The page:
Saitta looking for win No. 8
Runner aiming to continue Steamboat Marathon dominance
June 1, 2008
Steamboat Springs — Those looking to wriggle out of Jason Saitta’s stranglehold on the Steamboat Marathon are in for some bad news.
Saitta, who has won the men’s marathon seven times in the past nine years, said Friday that he’s feeling possibly the best he has before any Steamboat Marathon.
Add the fact that he’s been specifically training for this marathon – his most recent race is the U.S. 50K Championships in March – and Saitta said he’s as primed to do well as any time in the past.
Considering he won last year’s event by more than six minutes after running a marathon in Oregon the previous month, the smart money is on Saitta to pick up his eighth Steamboat Marathon crown.
“I always plan to do well,” Saitta said. “But you never know with marathons. When you get out, you have to see who is racing. In Colorado, anyone can show up. But I hope to win. That’s always the plan.”
It’s usually the result, too.
In hindsight, Saitta said that with the tendon injury to his leg, he shouldn’t have been anywhere near a racecourse. Then, in 2004, he missed the event because he got married.
He’s won the event the past three years.
“I think, and as far as I know, it’s pretty unique for anybody to win that many times in a single marathon,” race director Paul Sachs said. “He’s a great guy, and, obviously, he’s pretty amazing.”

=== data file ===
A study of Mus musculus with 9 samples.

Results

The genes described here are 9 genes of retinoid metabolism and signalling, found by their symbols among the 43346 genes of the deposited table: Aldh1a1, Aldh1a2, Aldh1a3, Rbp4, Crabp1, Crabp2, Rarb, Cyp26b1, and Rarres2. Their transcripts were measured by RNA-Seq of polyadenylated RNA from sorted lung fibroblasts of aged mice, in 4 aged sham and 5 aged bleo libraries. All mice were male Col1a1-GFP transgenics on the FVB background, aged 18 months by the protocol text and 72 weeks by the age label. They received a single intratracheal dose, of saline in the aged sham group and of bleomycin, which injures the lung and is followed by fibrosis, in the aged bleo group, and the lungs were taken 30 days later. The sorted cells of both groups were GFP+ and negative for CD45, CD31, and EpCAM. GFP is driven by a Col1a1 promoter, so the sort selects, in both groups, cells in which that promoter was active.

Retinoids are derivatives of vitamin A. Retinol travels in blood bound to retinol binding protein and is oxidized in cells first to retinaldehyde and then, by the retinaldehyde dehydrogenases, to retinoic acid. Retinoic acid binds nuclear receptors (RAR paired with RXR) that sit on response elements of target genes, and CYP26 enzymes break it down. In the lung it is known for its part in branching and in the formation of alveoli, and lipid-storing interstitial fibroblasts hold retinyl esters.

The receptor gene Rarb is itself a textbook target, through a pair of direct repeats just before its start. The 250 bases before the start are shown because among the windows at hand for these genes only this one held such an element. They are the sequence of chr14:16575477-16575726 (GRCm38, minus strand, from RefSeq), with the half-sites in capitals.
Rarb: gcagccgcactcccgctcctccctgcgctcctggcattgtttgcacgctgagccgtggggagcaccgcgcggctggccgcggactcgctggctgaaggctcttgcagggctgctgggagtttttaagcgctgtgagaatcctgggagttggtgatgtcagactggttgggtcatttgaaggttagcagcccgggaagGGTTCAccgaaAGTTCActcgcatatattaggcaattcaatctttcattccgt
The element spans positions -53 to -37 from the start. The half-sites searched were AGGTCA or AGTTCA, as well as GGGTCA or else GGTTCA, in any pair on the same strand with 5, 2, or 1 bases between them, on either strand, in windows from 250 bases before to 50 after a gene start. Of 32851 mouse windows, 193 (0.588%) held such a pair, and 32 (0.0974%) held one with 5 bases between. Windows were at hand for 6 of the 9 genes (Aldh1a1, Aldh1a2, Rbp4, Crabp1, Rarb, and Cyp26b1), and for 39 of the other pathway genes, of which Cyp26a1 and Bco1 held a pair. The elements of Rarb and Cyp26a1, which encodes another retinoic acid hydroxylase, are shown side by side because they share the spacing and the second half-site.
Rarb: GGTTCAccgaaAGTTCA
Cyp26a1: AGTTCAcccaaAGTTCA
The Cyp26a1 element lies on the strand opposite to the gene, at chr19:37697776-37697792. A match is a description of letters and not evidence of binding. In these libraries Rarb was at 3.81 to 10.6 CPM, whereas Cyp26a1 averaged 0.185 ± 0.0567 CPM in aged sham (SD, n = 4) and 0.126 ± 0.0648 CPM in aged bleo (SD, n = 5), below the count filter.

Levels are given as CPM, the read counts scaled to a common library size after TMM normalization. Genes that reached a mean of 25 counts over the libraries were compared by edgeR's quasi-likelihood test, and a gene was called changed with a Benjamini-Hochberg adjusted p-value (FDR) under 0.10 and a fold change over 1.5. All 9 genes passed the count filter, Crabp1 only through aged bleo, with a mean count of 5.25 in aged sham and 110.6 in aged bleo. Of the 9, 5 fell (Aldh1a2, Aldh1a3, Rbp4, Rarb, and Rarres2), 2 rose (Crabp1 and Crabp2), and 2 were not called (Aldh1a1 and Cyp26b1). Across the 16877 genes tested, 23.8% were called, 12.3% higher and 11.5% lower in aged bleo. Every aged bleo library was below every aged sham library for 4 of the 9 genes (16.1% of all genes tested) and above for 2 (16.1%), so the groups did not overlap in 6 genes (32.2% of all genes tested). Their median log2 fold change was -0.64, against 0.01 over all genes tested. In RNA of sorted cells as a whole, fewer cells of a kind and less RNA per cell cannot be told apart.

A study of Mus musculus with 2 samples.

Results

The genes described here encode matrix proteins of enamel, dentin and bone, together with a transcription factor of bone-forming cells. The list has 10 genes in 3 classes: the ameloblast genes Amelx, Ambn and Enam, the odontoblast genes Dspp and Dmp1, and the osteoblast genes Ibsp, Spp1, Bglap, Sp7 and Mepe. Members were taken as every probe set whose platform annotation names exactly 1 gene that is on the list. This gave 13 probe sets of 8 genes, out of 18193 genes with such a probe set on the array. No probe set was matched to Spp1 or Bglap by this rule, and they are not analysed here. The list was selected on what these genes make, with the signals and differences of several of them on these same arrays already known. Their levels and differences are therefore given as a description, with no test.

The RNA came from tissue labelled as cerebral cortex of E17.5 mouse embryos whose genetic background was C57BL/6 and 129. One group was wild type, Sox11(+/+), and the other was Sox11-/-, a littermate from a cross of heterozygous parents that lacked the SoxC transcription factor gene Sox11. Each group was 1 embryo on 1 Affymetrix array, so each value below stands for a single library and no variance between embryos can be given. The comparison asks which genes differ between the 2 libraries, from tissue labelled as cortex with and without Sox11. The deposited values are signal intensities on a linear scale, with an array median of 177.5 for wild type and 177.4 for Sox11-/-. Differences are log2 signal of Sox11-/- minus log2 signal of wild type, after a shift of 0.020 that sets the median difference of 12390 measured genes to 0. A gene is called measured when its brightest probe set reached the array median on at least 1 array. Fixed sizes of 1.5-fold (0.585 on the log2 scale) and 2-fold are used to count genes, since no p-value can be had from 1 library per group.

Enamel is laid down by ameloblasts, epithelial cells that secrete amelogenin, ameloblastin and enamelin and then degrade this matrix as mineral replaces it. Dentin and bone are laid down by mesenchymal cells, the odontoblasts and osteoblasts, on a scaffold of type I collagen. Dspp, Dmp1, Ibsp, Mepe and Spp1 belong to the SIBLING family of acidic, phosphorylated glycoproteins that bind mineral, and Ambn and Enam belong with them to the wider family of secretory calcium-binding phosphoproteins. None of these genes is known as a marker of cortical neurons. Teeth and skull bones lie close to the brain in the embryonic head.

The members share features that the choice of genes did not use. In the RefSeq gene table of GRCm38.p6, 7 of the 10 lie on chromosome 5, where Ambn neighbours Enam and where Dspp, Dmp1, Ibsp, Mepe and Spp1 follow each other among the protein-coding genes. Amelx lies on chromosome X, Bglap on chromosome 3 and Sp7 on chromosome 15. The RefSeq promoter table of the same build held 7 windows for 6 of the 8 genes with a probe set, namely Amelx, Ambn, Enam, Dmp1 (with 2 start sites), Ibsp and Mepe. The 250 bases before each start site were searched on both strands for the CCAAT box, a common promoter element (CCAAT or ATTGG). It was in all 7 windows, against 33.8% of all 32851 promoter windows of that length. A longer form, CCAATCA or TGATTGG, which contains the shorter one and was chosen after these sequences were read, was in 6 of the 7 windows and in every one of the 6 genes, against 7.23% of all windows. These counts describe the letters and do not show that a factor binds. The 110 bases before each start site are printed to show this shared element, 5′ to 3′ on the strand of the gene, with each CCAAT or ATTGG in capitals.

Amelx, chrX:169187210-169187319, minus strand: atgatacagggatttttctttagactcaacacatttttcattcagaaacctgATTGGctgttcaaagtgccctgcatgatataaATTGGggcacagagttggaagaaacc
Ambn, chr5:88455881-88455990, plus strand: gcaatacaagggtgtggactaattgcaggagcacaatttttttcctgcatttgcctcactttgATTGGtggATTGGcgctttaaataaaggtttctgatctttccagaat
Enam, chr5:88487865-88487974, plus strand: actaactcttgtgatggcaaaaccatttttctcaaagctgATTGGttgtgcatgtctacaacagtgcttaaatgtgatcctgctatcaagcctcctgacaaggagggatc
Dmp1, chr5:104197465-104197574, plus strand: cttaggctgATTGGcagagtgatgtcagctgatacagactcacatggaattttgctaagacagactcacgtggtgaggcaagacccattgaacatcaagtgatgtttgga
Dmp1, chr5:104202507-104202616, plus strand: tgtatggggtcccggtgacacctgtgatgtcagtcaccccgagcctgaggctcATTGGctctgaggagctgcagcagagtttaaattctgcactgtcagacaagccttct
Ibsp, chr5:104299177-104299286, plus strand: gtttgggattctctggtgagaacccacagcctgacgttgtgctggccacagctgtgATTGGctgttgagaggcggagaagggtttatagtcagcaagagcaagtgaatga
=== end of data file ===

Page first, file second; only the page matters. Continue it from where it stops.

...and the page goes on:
No doubt there will be competition for Saitta in today’s event. Justin Mock, who finished second last year, and Todd Trapp, who finished third, are returning.
Mock just won the Post-News Colorado Colfax Marathon in May. Trapp will be competing in his second marathon ever.
Saitta, who trains with a coach and works as a certified public accountant in Parker, said when it comes to running the Steamboat Marathon, he doesn’t necessarily worry about time. In fact, with the downhill portion of the race at the beginning of the marathon, Saitta – who said he’s a “not a good downhill runner” – doesn’t even try to keep splits.
“With this marathon, I just go out with whoever wants to go out and try to figure them out,” he said. “Mile splits aren’t as important here. It’s running smart that matters.”
Saitta’s been training and logging about 85 miles a week with his coach. He hoped to make the U.S. Olympic Trials in men’s marathon earlier this year, but missed the cut by four minutes. Still, he said with his training routine – he’s always training and rarely takes a day off – Saitta hopes to eventually make the U.S. Olympic Trials.
“Obviously, he’s a really good runner,” Trapp said of Saitta. “If he can win it year after year, it speaks to the consistency in his training and his running.”
Although Saitta wouldn’t mention a time he’d like to run the marathon in – he runs this race more to win than get a good time – he said if everything goes right, today will be No. 8.
“I geared up specifically for this marathon,” he said. “I feel in better shape.”